4 August 2007 | Vol. 7, No. 2
Aphorisms for Frida Kahlo
Groucho Marx thought we are all clowns in disguise, but are we not also the disguise of clowns—like the tourists at Disneyland, in Los Angeles?
According to Aimé Césaire, assimilation is the first step toward counter assimilation, and counter assimilation is the last stage of assimilation. Return to African culture, traditional African values and religions, is one way to fight colonialism, but colonialism is the last rag left in the dump to wipe the asses of AIDS patients and the tables after the patients have eaten. Society eats what defines that culture. AIDS defines what has not already been eaten.
In 1972 Stephen Hawking postulated the existence of bone-crushing black holes where nothing could escape, not even a gizzard, or light. Hawking has changed his mind. Now he proposes that information can escape, a radiation of a peculiar sort, one that can transmit bursts of black light like a Britney Spears concert.
Some say sadomasochism is a dirty word, but isn't dirty a dirty word, and merde? A sadist is just another form of disguise, someone who hides the Bounce and Snuggle in a dark corner of the laundry room.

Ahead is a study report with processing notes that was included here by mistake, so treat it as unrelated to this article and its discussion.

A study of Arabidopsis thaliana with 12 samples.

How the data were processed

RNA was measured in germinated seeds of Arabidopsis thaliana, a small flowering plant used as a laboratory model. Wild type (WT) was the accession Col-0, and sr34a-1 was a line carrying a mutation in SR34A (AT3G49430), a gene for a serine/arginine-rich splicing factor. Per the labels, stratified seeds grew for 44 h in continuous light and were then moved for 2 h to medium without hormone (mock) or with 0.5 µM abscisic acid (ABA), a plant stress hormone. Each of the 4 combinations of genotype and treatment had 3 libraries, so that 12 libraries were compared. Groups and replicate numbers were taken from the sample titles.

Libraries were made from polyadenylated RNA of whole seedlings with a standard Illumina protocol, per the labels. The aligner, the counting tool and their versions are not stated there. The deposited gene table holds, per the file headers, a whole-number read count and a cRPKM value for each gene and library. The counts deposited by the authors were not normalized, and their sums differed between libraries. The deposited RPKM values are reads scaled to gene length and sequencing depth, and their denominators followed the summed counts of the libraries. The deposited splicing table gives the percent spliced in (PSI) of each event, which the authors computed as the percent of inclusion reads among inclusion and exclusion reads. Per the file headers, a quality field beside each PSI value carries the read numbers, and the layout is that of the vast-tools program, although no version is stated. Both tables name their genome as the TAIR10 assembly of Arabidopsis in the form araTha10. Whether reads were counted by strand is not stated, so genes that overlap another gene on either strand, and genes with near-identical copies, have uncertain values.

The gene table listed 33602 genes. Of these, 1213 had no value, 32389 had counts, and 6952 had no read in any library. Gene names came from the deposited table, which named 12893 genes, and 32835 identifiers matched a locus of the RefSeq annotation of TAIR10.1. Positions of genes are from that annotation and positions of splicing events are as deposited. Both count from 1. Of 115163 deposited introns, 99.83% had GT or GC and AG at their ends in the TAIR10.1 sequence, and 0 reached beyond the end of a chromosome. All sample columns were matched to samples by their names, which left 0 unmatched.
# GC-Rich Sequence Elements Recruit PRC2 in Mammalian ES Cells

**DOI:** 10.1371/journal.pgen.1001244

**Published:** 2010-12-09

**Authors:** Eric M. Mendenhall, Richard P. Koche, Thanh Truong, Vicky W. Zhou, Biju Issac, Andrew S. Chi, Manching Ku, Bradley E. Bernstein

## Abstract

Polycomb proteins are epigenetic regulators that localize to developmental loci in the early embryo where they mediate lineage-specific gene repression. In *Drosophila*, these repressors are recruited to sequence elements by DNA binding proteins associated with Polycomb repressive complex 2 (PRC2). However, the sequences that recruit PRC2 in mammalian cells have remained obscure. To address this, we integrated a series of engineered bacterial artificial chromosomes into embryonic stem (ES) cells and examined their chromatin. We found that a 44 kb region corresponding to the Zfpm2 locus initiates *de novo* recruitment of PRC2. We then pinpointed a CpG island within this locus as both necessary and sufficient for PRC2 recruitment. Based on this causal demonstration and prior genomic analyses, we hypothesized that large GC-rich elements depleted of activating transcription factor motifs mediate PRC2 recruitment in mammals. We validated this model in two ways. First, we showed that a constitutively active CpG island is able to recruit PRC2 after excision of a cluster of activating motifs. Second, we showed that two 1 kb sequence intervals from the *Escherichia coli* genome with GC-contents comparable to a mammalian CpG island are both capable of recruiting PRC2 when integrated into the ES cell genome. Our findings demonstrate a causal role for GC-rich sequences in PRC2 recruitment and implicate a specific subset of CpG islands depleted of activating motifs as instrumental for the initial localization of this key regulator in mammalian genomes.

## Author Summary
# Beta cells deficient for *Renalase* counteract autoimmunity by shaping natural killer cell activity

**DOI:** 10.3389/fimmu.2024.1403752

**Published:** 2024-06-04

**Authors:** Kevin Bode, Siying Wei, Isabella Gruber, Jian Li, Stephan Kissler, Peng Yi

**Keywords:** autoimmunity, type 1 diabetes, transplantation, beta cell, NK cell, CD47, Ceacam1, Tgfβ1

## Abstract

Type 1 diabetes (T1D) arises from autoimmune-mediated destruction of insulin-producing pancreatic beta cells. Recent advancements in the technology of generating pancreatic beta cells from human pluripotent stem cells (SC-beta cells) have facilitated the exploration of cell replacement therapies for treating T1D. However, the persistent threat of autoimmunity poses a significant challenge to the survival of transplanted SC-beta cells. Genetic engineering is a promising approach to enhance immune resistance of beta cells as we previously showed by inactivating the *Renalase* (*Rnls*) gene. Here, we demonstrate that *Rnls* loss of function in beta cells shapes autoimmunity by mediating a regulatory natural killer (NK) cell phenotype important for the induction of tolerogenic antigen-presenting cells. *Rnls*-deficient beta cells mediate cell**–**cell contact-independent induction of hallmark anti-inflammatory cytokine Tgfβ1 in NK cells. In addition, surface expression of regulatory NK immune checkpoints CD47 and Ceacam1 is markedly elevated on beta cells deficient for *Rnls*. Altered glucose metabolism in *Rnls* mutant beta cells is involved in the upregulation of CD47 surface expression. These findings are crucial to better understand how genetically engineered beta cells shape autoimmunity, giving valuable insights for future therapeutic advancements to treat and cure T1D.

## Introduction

With a frame bolted to the head with metal pins, a cyclotron can achieve stunning success in a single session of radiosurgery. In Spain, Salvador Dalí masturbated with beans. Post-operative, monkeys can blink with half a brain removed.
At age 13 Frida Khalo joined the communist party. Inspired by the Mexican Revolution she fell in love with a cactus and a pig. Shortly after her death the hieroglyphs in Egypt were decoded. They all read, Diego.
About the author:
Neil de la Flor's literary work has appeared in the Indiana Review, Hotel Amerika, Court Green, Barrow Street, Hayden's Ferry Review, and others. He is also the co-author of Facial Geometry, (NeO Pepper Press) a chapbook of collaborative triads written with Maureen Seaton and Kristine Snodgrass.
For further reading:
See the complete list of work by Neil de la Flor at 42opus. Browse the contents of 42opus Vol. 7, No. 2, where "Aphorisms for Frida Kahlo" ran on August 4, 2007. List other work with these same labels: poetry, prose poem.